Sweetcorn panna cotta with crab cannelloni


First published in 2015




Crab cannelloni

Sweetcorn purée

Sweetcorn panna cotta



  • Piping bag 1-2cm nozzle
  • Deep fat fryer
  • Blender
  • Fine chinoise
  • Vegetable string peeler


For the crab cannelloni, cut the chicken into large cubes and blend with the salt until smooth. Add in the brown crab, lemon and lime zest and double cream. Blend in a food processor until thoroughly combined
Place the crab mix into a piping bag and pipe into sausage skins. Seal the skins into approximately 5cm segments. Cook in a water bath at 80˚C for 10 minutes. Remove from the water bath and refresh in ice water
Make a small incision into the sausage skins and peel off from the cooked crab sausages. Using a spiral string cutter, use enough potato to wrap around all the sausages. Set aside for deep frying
For the sweetcorn purée, add all the ingredients into a saucepan and bring to a simmer. When the corn is tender put aside 100g for garnish and blend the remainder until smooth. Season to taste and pass through a fine chinoise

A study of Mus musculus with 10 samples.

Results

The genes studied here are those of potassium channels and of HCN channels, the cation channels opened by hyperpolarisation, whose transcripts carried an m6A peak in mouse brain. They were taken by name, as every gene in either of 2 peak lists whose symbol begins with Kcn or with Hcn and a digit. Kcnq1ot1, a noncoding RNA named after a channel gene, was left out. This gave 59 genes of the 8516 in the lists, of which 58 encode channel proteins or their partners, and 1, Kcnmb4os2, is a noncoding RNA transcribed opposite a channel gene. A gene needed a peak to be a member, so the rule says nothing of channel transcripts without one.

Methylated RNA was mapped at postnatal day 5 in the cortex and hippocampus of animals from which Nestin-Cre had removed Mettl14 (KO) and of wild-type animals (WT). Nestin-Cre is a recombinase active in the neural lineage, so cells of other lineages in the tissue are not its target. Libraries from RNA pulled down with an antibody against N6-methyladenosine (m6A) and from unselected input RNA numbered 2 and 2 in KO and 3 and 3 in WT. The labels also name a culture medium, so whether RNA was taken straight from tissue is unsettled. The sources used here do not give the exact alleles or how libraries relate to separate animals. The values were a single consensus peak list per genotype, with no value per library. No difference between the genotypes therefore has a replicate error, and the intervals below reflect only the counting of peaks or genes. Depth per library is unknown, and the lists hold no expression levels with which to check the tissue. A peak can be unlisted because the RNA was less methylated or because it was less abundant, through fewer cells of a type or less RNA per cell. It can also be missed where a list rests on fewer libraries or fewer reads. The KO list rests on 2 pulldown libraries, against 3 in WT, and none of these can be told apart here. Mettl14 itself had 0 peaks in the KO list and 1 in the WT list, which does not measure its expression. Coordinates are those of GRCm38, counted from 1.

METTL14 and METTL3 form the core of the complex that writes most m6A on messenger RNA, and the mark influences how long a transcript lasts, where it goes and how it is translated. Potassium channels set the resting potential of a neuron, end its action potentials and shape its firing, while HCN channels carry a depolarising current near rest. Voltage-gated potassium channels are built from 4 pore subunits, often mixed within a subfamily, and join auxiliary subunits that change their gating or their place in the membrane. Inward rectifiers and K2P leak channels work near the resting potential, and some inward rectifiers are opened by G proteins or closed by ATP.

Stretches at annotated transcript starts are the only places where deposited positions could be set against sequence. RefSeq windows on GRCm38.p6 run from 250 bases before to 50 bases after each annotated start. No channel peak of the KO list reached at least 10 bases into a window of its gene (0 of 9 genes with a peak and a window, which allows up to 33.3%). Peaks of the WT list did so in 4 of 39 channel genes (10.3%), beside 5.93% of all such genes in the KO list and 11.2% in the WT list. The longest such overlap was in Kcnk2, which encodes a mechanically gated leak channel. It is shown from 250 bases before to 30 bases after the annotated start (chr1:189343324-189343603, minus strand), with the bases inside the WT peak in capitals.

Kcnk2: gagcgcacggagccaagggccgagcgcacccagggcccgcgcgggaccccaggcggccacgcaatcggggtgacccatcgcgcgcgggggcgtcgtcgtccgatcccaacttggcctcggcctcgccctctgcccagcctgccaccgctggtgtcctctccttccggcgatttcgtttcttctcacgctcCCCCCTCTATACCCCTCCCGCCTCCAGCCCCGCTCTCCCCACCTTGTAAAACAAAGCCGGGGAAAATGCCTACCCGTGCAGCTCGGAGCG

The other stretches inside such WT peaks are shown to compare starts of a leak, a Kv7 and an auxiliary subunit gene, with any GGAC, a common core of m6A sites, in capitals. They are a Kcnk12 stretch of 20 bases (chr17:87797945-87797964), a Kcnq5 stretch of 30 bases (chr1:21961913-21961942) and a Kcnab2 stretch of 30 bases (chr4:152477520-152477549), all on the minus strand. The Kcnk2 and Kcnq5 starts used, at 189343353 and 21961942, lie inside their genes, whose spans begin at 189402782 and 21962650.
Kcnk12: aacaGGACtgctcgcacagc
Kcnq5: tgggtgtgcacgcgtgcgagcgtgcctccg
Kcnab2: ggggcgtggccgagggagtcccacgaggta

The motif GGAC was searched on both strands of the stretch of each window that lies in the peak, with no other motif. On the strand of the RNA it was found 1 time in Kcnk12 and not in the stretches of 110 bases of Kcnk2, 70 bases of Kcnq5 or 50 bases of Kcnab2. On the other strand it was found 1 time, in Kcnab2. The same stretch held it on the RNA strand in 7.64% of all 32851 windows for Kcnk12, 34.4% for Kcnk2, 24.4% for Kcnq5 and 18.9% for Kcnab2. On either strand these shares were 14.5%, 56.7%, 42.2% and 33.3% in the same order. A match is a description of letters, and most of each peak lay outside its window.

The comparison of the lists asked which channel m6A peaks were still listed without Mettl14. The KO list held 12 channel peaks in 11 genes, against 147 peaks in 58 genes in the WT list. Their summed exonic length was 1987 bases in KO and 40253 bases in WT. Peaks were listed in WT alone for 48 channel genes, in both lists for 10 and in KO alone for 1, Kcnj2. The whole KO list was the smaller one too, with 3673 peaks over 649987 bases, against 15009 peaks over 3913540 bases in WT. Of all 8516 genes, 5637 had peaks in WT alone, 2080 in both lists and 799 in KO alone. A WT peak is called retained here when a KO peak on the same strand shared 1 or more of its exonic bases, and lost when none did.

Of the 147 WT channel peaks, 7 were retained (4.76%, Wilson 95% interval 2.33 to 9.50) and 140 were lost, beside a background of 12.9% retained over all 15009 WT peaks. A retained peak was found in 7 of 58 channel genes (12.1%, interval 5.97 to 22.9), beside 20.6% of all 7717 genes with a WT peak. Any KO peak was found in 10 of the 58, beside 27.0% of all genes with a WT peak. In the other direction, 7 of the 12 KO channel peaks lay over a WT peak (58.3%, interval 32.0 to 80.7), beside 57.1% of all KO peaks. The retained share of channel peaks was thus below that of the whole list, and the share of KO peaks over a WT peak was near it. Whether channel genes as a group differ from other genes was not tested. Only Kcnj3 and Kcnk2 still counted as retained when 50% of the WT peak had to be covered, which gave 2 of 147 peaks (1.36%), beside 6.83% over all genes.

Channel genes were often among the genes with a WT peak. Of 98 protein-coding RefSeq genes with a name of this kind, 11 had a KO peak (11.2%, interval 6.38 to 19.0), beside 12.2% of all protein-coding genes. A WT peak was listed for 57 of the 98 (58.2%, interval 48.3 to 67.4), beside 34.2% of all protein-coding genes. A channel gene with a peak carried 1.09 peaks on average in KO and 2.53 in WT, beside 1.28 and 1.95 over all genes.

For the panna cotta, place the sweetcorn, milk and cream into a saucepan and bring to a simmer. Cook until the corn is tender, remove from the heat and blend until smooth. While still hot, add the agar agar and dissolve. Pass through a fine chinoise, season to taste and set in a shallow tray lined with cling film in the refrigerator
Deep fry the cannelloni until the potato is golden brown
To plate, place a line of the sweetcorn down the middle of the plate. Cut the panna cotta into a rectangular shape suitable for the plate. Dot the purée around the plate and stand up the cannelloni on the purée. Sprinkle with fresh crab meat and micro cress
First published in 2015

Alan Murchison began working in family-run hotels in Scotland at 14, but it was a stint at Inverlochy Castle in Fort William that gave him his first taste of cooking fine food.